A health Ombudsman has found that failure of staff at the University Hospital of Wales to follow well established guidance on the treatment of sepsis led to the death of an elderly lady.
Sepsis is a life threatening condition whereby infection is well advanced, affecting the whole body. Patients with sepsis are at risk of death if prompt treatment is not provided. Under the guidance, the patient should have been seen within 10 minutes of arrival, given the symptoms that she was displaying. She was in fact not seen by a doctor for over 3 hours, which can be the difference between life and death. There was also a six hour delay in her receiving antibiotics; the first line of defence against Sepsis.
Criticisms were also made by the Ombudsman of poor record keeping and errors in following the Trusts complaints handling guidance.
A spokesperson for the Cardiff and Vale University Health Board said that they recognised they could have improved aspects of the care provided that the ombudsman’s recommendation would be implemented. Ruth Walker, Executive Nurse Director, said “the health board recognises the risks posed by sepsis and we have been working hard to raise awareness amongst all staff of symptoms and steps to take to help save lives”.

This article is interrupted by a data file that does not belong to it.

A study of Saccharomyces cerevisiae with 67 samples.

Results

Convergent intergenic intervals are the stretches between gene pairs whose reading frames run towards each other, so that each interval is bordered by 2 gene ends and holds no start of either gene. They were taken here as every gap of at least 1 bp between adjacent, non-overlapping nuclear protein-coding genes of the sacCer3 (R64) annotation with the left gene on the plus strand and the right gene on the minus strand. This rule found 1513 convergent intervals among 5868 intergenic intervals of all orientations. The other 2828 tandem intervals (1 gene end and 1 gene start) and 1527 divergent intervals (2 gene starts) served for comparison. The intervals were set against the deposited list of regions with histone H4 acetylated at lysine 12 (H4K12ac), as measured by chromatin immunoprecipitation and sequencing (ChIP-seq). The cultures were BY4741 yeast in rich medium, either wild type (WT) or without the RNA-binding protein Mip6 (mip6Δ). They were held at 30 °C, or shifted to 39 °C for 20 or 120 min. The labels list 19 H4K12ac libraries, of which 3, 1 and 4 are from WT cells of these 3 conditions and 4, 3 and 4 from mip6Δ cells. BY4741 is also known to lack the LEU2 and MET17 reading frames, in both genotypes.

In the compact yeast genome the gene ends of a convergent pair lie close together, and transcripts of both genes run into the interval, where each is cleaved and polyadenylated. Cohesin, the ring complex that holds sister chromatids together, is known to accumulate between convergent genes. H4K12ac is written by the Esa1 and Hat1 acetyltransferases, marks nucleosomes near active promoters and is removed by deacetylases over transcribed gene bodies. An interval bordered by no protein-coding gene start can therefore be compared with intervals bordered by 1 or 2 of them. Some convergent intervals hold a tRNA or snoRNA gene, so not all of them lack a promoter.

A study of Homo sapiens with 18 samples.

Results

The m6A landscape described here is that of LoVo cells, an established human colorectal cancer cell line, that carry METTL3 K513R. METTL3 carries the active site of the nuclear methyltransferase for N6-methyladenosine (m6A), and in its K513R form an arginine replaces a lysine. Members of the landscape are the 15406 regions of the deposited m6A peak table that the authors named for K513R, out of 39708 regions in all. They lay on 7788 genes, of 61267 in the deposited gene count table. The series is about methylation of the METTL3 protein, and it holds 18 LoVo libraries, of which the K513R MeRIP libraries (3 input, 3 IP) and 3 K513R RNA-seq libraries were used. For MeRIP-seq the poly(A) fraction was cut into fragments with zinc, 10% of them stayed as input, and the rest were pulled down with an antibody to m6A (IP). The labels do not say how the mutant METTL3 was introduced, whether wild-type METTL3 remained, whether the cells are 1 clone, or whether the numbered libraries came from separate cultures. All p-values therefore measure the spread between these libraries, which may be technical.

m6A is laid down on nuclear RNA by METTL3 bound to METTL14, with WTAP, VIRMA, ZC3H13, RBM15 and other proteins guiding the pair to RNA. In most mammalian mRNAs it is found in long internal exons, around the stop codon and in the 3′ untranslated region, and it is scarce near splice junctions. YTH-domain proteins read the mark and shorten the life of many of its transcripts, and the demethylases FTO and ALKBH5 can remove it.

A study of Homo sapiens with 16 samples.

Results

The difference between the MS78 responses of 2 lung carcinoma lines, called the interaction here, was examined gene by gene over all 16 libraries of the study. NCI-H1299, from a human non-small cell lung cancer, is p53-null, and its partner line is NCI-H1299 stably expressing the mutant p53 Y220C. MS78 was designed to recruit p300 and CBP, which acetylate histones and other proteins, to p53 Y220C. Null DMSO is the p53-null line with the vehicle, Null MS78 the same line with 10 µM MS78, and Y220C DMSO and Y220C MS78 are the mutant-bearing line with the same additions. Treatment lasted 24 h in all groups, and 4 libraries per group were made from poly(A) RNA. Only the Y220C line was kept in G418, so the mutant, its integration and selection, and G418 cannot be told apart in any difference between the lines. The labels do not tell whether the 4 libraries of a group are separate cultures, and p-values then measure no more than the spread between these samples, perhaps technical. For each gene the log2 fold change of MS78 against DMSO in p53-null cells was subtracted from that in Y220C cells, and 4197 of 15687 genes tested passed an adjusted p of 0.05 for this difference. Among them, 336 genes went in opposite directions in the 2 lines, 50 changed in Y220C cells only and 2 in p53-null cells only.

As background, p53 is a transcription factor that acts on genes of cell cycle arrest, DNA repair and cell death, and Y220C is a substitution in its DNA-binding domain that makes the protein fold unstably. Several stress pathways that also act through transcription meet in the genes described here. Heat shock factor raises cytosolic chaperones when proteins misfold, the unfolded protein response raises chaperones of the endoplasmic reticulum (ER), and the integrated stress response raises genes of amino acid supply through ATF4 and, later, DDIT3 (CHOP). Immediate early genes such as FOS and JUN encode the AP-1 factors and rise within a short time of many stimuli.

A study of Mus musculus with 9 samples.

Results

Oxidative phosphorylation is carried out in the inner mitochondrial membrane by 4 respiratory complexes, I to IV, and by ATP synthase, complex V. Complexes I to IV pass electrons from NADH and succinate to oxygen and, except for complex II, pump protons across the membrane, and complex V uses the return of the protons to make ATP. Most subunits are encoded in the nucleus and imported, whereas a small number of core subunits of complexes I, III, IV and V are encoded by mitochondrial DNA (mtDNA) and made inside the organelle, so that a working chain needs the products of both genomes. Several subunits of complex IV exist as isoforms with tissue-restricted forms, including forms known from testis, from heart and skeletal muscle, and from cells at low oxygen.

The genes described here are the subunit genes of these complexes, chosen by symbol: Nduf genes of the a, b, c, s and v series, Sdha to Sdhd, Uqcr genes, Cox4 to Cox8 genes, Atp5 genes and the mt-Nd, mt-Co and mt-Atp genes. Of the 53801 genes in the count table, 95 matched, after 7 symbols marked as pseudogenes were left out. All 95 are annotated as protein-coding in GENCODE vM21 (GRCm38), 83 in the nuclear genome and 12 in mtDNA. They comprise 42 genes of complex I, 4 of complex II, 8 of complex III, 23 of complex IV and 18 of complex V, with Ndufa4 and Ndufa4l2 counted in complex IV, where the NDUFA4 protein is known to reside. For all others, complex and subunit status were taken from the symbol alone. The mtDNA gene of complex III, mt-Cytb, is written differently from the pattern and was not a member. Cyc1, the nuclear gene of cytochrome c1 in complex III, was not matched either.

The symptoms of sepsis usually develop very quickly, and emergency treatment should be sought immediately if you suspect that you may be at risk. Common symptoms include:
- High temperature;
- Chills and shivering;
- Fast heartbeat and breathing.
These can then develop into symptoms of septic shock, at which point medical help is life critical:
- Feeling dizzy or faint;
- Confusion or disorientation;
- Nausea and vomiting;
- Cold, clammy and pale or mottled skin.
Clarke Willmott’s specialist clinical negligence solicitors have expertise in sepsis claims, and can be contacted on 0800 316 8892 at our Cardiff office, should you wish to discuss a case.